PARIS — Near-death experiences aren’t the main sources of inspiration for Ethil Merman’s pieces, but when a crane falls from the sky, it’s bound to leave an impression — in one form or another.
The artist, whose pieces are almost entirely made from recycled metal and wood materials, was working on a job site when an improperly installed bolt came loose, sending steel raining from the sky.
“After that, I’m thinking, if I were in a little different place, I’d be dead,” Merman said.
He scampered away, but still remembers the sight well. Now, in honor — or unforgettable memory — a four-foot replica made from a patchwork of refurbished metals adorns a studio cramped with his whimsical pieces.
Merman, 50, going by an assumed name similar to ‘The Artist Formerly Known As Prince’, runs Merman’s Metal Sculpture on Briggs Avenue in Paris where his dedication for using recycled materials fuses an artistic vision replete with man’s industrial history.
Rather than seeing the goods end up in a landfill or churning the wheels of consumer society he’s opted out of, Merman makes playful miniatures — from tractors to motorcycles and a hot air balloon — with the same industrial pieces the materials originated from.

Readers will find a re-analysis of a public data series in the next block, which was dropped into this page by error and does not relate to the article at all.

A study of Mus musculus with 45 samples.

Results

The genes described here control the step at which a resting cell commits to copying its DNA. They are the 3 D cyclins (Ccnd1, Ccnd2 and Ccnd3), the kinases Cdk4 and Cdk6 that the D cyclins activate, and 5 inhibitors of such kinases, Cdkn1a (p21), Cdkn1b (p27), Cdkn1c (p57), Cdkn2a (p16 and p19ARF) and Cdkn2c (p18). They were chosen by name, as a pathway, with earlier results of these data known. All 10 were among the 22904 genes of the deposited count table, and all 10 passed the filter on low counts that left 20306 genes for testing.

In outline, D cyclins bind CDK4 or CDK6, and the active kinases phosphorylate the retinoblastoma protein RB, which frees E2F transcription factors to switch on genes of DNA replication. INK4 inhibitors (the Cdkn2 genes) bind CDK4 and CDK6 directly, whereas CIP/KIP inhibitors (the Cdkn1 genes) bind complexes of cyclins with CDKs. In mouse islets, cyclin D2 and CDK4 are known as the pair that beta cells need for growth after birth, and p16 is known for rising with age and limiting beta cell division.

After spending most of his life around the south shore of Boston, Merman moved to Paris nearly two decades ago with the birth of his daughter. Both wife and daughter — known as the mermaid and merling — are respected artists in their own fields.
At the heart of all his assemblages is the repurposed pieces he delights in finding a new way to give life to. A streamlined motorcycle is made of Rupp wheels. Broken table legs gracefully curve into forms, while its front wheel came from decidedly slower beginnings — a baby carriage.
Art is an important way of showing how important recycling is.
“A lot of people love the message but don’t know how to do it,” he said.
Inspiration works two ways. Sometimes he’ll start with an idea and find the perfect bicycle wheel or steel plate — while other times a notable piece will fall into his lap and almost demand a form spring from it.
Above his workshop in a games room, a “fifth-generation” newel post once supporting a spiral staircase has taken on life again as a baluster.
“It’s in retirement,” he joked.
Outside in a steel garden leading into his workshop — lit at night by alien-looking industrial parking lot lamps — a blimp formed from old barrel hoops, woks and part of an air conditioner hangs from a metal chain, pushed along by a breeze.
While his job as a carpenter pays most of the bills, the profession helps feed a supply of new materials. Other times, friends and antique dealers tip him off to a potential treasure trove.
His latest creation retrofitted a 1963 Piper Cherokee small-engine plane into a camper. He wants to make a treehouse but as it’s not watertight — he’s waiting to find the right the plastics — he’s been testing it as impromptu sleeping quarters.
“It always turns heads,” Merman said. You wouldn’t believe the number of people with airplane stories.”